How much car insurance do I need?
- The state-required liability coverage is often not sufficient to cover the costs to repair or replace a damaged vehicle
- You should consider the pros and cons of collision and comprehensive coverages
- Additional coverage options like underinsured motorist and PIP may be beneficial to add to your policy
In order to decide how much car insurance you need, you must consider industry recommendation, personal needs and usage and state requirements.
According to the Insurance Information Institute, over 12% of drivers do not carry proper car insurance coverage.
Industry’s Response to How Much Coverage is Necessary
If you are found at fault in an auto accident and the other party is injured, the minimum amount may be insufficient, leaving your significant belongings unprotected.
Usually, it’s recommended that you acquire (in thousands) 100/300 minimums of liability for personal injury.
However, if you don’t own any significant assets, there would be fewer legal consequences, and the minimum legal requirements would actually work in your favor, saving you money in the long run.
Still, the 100/300/ 100 (the final number being for property liability coverage) is generally accepted as an amount that will protect most people when this type of accident occurs.
The state you live in has a liability limit for the amount of coverage you are required to carry. Many are ridiculously low like, 10/20/10.
While you may be tempted to get the state-required, bare minimum car insurance policy you are counting on to see you through this difficult financial period, you may find that you are not sufficiently covered in the event that you are in an accident and need to file a claim.
Minimum liability insurance includes the following:
- Bodily injury liability per person per accident
- Bodily injury liability for all injured persons per accident
- Property liability per accident
So, unless you have no possessions you need to protect, it is recommended that you purchase more than the very minimum coverage that is required by the state in which you reside.
A potential lawsuit or an immense expenditure to the “innocent” party can make a bad situation much, much worse. This is why liability auto insurance is a necessary evil: it acts as a safety net, protecting you from the worst fall, so to speak, by paying your bills for you.
Defense coverage is also included, should it be necessary to seek legal counsel.
Every state requires that drivers carry liability insurance, with the exceptions of Virginia and New Hampshire.
It is a requirement of some states that, at the very least, you purchase an auto insurance policy which will cover your own expenses, medical, vehicular, or otherwise, in the event of a serious accident. Refer to your own state’s laws regarding auto insurance to determine the requirements.
In some states, Med Pay (Medical Payments) or PIP (Personal Injury Protection) in other ones pays for any accident-related expenses as they arise, up to about 80% of your total losses, as well as a death benefit to spouses and family members.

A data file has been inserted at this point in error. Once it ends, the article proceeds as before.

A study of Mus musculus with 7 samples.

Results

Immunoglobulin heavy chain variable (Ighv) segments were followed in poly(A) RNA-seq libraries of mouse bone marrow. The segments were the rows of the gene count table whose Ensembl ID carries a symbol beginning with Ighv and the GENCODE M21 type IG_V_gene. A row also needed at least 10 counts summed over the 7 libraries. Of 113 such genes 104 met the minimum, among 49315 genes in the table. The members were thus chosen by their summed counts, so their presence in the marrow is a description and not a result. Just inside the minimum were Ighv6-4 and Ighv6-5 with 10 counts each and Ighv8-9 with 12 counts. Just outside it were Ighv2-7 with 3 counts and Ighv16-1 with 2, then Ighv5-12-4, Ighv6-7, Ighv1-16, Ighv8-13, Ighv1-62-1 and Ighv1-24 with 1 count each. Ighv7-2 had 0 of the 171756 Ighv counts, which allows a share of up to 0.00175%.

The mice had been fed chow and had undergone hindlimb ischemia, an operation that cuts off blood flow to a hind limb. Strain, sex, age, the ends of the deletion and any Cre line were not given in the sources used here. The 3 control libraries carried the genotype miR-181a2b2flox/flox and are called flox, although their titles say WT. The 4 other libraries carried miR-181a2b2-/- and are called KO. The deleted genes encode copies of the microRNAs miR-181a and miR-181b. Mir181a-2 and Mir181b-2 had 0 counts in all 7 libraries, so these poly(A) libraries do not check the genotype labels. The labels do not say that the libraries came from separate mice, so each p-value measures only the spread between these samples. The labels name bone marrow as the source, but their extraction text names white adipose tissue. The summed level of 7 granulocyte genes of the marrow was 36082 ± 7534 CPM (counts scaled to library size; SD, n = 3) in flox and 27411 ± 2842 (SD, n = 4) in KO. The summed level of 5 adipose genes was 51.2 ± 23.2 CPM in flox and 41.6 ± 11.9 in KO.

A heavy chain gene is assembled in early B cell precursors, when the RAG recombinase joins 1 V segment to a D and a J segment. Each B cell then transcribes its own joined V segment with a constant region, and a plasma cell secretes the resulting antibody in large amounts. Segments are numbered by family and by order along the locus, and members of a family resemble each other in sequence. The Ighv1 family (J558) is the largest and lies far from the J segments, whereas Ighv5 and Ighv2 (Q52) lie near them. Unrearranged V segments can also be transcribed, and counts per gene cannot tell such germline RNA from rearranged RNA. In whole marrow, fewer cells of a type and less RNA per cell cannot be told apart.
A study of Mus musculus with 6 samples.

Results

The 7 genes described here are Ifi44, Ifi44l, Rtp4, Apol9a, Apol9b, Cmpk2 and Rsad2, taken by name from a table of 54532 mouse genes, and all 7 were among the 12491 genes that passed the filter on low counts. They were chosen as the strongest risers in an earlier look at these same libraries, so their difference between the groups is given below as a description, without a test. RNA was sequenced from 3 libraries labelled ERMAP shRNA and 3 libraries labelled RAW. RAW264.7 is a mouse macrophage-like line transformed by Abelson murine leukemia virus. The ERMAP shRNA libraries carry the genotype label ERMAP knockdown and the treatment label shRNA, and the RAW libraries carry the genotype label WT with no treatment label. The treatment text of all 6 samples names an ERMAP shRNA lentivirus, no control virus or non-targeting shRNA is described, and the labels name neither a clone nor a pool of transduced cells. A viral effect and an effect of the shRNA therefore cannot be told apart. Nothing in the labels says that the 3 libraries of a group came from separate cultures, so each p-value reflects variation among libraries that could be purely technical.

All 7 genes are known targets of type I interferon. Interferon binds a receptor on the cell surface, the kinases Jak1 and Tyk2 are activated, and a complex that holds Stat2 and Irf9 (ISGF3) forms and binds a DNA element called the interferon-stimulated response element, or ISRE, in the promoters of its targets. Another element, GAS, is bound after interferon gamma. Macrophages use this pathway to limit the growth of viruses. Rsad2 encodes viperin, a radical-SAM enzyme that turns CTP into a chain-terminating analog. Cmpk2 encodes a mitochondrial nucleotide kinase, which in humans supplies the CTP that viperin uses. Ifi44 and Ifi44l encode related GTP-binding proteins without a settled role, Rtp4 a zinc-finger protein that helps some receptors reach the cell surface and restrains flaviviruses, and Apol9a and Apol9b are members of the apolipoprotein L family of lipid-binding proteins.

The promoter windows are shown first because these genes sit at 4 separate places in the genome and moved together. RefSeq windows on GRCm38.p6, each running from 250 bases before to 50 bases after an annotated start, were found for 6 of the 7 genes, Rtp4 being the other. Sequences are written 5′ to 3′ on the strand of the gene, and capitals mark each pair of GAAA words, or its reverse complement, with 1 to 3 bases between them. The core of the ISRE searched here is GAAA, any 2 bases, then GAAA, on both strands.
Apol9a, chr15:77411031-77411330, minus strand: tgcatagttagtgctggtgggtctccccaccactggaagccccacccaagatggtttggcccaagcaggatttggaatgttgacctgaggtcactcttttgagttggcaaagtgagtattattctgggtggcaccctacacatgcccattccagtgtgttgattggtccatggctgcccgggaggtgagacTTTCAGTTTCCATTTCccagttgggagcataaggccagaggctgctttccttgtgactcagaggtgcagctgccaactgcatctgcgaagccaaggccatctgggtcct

It is a legal requirement that licensed drivers carry PIP in the following states:
- New York
- New Jersey
- North Dakota
Most Important Types of Car Insurance
Nightmarish scenarios like this can be avoided with a good car insurance policy that takes your needs into account. Some car insurance policies are necessary for daily living.
Liability insurance is the most important form of car insurance and the only car policy that is required by the majority of U.S. states.
Liability insurance covers almost any mistake you make on the road that results in damage to other vehicles.
While liability insurance doesn’t totally protect you from a lawsuit, usually, in cases where personal injury is absent, the totaled car can be paid for, eliminating the need for a lawsuit.
Since minimum liability insurance rates are based on the average cost of a car today, most cases never go to court.
Problems can occur in cases where the minimum liability insurance rate falls short of the total cost of the vehicle.
In cases like this, the victimized motorist may choose to go to court to seek additional damages for the lost property. This is the reason why many motorists choose to get liability coverage for a higher amount than the legal minimum.
Aside from liability insurance, there are also both comprehensive and collision car insurance coverage options to contemplate. The former covers acts of God and unexpected issues, such as fire and theft.
The latter covers any damage that may occur while the vehicle is in motion.
It is imperative to remember that both are usually required if you finance or lease a vehicle, but that any damage caused in an accident on a vehicle you own outright may not be worth holding this much coverage.
It’s also important to consider the amount of risk that you tend to carry on a regular basis:
- Do you multiple drivers on your policy (school or work carpooling)? This could mean an increase in the opportunities for accidents to occur.
- Do you have a great distance to drive to and from work each day? This could suggest that you spent more time on busy, heavily traveled roads, thereby increasing your liability exposure.
It might also be smart to purchase an additional type of insurance. Uninsured or underinsured motorist coverage can be a wise choice to protect your assets when you’re not at fault in an accident, but the other driver is not properly insured.
It may be difficult to write that quarterly or monthly insurance payment and not become resentful, but bear in mind that as more and more cars are put on the road each year, it would be difficult to have your policy your entire life, and not make one single claim.
Do your research, decide what you need, and purchase your policy; it may be the best decision you make.